Study: Without Action on Child Obesity, U.S. Life Span To Get Shorter

"But we still have a little time before these children become young adults with diabetes and start to have heart attacks, stroke, kidney failure, and increased mortality," he says. "It is a massive tsunami headed for the United States. One can know it is coming. But if we wait until we see the ocean level rising over the shore, it will be too late to take action."

In an editorial accompanying the study, University of Pennsylvania demography expert Samuel H. Preston, PhD, agrees that the Olshansky/Ludwig team's calculations are accurate. But Preston disagrees with their conclusion.

"I am optimistic," Preston tells WebMD. "The U.S. lifespan has shown remarkably steady progress for a century in the U.S. And we have demonstrated that when we get to a point where lifestyle factors seriously affect national mortality, we are able to move in the proper direction."

As an example, Preston points to the epidemic of cigarette smoking that set back U.S. life expectancy in the 1950s and 1960s. A huge public effort cut smoking rates -- and Americans' life spans renewed their upward march.

Ludwig hopes Preston is right. But he says the U.S. response to childhood obesity falls far short of the U.S. antismoking effort.

"We continue to condone a multibillion-dollar campaign by the food industry to get children to eat the most unhealthy foods imaginable," Ludwig says. "We don't adequately fund schools, so principals have to turn to soda machines in the hallways and fast-food contracts in the cafeterias to close budget gaps. At the same time, lack of funds forces them to close afterschool activities and physical education."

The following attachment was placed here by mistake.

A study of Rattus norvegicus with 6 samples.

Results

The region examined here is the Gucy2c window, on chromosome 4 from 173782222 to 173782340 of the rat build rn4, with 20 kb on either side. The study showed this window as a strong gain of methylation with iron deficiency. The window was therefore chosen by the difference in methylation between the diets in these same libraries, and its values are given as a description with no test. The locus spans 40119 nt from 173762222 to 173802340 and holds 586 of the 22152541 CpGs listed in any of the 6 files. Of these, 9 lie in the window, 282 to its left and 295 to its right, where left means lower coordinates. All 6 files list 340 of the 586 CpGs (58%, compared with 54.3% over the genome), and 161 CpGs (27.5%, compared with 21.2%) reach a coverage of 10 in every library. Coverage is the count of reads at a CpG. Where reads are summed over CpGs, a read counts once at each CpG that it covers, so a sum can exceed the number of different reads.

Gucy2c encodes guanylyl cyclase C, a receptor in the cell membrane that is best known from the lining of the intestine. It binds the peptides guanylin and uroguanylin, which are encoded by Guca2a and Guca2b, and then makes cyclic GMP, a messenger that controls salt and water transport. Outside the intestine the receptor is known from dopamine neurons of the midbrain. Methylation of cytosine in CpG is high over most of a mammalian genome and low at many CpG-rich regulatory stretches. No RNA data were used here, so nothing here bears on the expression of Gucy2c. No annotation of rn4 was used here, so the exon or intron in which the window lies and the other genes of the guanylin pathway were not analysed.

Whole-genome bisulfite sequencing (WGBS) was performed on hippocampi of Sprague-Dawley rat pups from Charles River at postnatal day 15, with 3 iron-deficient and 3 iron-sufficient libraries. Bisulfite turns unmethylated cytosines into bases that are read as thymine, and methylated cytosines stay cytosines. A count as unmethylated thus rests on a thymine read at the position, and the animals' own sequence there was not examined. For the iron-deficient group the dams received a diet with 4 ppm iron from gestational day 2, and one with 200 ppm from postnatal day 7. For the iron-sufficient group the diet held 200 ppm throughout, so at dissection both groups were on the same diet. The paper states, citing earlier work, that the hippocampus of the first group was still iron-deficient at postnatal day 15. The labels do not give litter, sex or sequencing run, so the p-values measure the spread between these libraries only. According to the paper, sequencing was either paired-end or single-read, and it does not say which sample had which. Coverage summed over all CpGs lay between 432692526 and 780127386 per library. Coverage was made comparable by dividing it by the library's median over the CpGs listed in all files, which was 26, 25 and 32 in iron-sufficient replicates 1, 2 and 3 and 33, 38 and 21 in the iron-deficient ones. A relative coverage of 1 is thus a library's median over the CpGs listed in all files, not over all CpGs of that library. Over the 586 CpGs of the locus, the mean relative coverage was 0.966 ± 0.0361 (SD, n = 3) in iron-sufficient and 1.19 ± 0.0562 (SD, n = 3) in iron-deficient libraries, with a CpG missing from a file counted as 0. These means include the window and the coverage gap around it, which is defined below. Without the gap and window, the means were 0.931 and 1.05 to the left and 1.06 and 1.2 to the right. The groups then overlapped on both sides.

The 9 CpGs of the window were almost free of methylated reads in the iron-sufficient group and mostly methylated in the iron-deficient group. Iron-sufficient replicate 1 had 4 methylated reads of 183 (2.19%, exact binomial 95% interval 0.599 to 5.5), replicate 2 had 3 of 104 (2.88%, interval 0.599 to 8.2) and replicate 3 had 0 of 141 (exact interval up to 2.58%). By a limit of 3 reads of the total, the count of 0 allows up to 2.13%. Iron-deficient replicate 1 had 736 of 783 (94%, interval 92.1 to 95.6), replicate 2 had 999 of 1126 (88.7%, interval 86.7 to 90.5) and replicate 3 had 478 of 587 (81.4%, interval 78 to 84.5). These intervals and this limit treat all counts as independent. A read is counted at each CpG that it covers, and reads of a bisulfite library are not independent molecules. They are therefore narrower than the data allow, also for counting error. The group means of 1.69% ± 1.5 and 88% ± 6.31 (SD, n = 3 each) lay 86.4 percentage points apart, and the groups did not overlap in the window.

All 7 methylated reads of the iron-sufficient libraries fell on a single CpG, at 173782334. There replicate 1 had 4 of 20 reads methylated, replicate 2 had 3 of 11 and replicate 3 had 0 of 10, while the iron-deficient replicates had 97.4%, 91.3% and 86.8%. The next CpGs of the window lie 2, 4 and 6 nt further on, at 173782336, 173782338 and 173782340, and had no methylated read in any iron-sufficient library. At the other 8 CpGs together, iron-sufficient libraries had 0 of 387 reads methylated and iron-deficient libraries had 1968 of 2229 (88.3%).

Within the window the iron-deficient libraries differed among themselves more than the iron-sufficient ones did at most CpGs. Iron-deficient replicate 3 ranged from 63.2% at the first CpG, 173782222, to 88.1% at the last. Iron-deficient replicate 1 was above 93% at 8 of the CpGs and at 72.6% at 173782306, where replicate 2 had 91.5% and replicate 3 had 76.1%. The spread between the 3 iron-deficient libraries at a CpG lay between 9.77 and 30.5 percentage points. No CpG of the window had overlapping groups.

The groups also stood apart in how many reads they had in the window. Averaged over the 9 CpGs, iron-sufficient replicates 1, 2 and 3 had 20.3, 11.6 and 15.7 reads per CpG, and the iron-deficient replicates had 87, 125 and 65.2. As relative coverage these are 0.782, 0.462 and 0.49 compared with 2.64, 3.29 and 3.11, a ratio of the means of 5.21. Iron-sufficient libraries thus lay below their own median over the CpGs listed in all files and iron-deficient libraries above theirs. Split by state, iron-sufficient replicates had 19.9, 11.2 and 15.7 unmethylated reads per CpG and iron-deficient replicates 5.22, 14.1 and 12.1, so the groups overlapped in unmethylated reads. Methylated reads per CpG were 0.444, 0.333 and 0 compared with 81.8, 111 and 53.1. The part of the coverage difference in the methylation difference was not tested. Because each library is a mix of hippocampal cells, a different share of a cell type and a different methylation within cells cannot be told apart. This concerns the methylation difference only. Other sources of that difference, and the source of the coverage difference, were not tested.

The childhood obesity expert calls for a ban on food ads aimed at young children. He calls for stronger federal funding of schools -- especially for mandatory physical education programs. And he calls for federal laws to force insurance companies to pay for the treatment of childhood obesity.

But Ludwig doesn't let families off the hook.

"Parents can turn off the TV and have a family meal once a day together -- that is at least one opportunity to give children healthy food and model a healthy lifestyle," he says.